I’ll Just Go Ahead and Eat My Words About Kyle Hendricks

You’re welcome. Clearly Kyle Hendricks saw my post about him throwing like a candyass and decided to shut down the Pirates last night. Some guys just need the proper motivation, so I’ll go ahead and credit last night’s Cubs win to Right in Your Wheelhouse for those of you scoring at home.

Hendricks’ fastball was up a tick at 86 MPH, still not where he needs to be but better than sitting 83-85 like an average high school pitcher. It was enough to beat Pirates ace Gerrit Cole, who likely contemplated murdering Alan Hanson after his error gave Cole the loss in a two-hit performance.

Jeff Sullivan of Fangraphs wrote an interesting piece pointing to Hendricks’ drop in velocity possibly stemming from mechanical issues. That coincides with Kyle’s post-game comments as he addressed possible mechanical issues in his previous starts:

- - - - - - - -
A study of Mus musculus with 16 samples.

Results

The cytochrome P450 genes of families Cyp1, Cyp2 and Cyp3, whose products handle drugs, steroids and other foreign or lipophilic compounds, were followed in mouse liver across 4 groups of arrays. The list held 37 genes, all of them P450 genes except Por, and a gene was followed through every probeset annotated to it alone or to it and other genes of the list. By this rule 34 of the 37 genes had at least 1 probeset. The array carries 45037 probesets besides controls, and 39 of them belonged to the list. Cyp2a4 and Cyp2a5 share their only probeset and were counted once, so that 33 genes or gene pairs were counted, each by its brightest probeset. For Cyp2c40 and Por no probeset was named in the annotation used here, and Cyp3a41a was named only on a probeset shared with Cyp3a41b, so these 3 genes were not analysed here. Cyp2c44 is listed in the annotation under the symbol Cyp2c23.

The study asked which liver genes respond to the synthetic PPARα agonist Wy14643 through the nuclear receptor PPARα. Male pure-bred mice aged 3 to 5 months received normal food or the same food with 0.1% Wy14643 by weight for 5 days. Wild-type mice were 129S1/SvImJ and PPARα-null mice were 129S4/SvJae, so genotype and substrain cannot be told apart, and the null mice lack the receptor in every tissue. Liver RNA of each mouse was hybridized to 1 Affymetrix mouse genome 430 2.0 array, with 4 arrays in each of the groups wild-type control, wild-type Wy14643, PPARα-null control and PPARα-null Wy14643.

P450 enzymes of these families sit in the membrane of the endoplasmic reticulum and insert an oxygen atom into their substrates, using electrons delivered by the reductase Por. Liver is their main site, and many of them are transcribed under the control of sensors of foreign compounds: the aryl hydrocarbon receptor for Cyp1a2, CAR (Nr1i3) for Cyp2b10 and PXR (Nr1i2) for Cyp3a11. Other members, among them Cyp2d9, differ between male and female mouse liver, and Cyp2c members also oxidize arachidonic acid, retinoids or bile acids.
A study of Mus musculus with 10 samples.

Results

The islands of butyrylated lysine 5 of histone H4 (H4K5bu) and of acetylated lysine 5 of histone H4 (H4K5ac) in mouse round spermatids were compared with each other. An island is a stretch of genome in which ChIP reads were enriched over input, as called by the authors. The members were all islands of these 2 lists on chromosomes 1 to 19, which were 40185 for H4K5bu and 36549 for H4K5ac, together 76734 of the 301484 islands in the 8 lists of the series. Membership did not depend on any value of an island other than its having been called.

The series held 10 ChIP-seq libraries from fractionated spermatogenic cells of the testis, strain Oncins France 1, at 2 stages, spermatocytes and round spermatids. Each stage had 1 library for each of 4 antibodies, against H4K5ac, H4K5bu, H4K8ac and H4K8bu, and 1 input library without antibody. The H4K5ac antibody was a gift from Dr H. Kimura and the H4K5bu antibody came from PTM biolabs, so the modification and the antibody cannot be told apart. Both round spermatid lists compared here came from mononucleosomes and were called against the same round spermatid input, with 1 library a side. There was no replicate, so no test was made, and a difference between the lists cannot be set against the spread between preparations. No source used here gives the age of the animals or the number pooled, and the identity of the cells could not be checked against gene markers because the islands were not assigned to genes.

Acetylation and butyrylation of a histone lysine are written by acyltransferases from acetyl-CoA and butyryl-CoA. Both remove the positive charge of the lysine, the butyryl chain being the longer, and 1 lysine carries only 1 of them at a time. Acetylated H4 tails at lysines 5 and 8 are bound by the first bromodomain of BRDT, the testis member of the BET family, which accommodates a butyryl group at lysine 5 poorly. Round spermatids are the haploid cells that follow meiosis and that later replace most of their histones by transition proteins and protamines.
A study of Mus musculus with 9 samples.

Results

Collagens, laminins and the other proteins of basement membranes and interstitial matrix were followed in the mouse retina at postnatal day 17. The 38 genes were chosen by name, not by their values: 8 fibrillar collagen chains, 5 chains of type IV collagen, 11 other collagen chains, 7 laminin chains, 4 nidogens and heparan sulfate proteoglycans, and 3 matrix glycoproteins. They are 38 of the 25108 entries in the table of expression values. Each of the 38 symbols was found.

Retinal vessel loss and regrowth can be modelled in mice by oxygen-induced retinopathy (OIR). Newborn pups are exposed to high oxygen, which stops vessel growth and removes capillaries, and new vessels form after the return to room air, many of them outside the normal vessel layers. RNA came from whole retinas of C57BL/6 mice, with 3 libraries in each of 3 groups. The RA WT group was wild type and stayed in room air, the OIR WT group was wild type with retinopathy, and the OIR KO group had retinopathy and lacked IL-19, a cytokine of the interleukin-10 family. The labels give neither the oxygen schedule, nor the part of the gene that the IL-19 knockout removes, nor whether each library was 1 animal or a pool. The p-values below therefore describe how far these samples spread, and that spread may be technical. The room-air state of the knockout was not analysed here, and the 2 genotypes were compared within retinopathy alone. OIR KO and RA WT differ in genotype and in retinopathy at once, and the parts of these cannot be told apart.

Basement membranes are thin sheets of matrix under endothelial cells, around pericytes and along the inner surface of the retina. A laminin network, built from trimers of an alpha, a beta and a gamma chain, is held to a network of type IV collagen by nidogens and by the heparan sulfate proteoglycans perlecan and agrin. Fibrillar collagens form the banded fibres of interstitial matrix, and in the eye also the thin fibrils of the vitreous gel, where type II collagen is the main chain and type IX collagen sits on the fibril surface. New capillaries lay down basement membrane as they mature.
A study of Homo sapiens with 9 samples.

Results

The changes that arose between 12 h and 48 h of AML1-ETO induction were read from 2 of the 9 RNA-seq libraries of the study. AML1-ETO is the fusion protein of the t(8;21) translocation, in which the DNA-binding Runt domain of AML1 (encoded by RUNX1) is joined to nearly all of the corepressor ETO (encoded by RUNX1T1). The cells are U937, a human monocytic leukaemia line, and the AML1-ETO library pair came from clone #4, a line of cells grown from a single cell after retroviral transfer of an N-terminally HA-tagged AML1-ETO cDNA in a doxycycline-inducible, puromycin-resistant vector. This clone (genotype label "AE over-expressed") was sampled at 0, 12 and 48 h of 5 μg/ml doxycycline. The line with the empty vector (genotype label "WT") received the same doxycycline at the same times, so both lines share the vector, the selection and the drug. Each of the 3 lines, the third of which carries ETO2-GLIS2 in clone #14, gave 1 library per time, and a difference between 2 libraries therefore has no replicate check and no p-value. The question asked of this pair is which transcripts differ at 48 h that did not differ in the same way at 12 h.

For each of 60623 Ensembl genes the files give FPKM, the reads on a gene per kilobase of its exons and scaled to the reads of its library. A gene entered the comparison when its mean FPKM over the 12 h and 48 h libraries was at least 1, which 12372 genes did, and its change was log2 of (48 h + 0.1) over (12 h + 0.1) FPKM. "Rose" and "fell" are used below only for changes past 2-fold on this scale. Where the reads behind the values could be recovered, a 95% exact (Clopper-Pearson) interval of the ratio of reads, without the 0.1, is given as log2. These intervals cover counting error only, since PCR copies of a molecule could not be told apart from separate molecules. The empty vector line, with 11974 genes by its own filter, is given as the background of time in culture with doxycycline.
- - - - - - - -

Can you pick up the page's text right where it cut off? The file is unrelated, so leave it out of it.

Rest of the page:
“Something in my mechanics clicked, or maybe I fell into the flow of the game or something,” he explained afterward. “I was closer. It’s one start but definitely better.”

Yeah, that’s great Kyle, but what happens if your lack of velocity becomes a trend rather than just a few spotty starts? He wasn’t too concerned about it a week ago as an article from the Chicago Tribune showed, but maybe more insight from Jeff Sullivan’s piece does more to connect the dots:

There’s something odd about the Cubs’ starting rotation, and I wrote about it last week. All five pitchers have been working with reduced velocity, relative to where they were last season. When it happens to one guy, it’s a potential problem. When it happens to five guys…I suppose it’s a potential *huge* problem, but it’s also a potentially deliberate pattern.

So knowing that it’s not just Hendricks who is seeing a drop in velo, can we safely assume Cubs brass and Joe Maddon are whispering in their starters’ ears about taking it easy to start the season? After all, they played more games than anyone last year and are planning on doing the same in 2017.

It’s just a little more noticeable when I can officially say I throw as hard as someone in the Cubs starting rotation.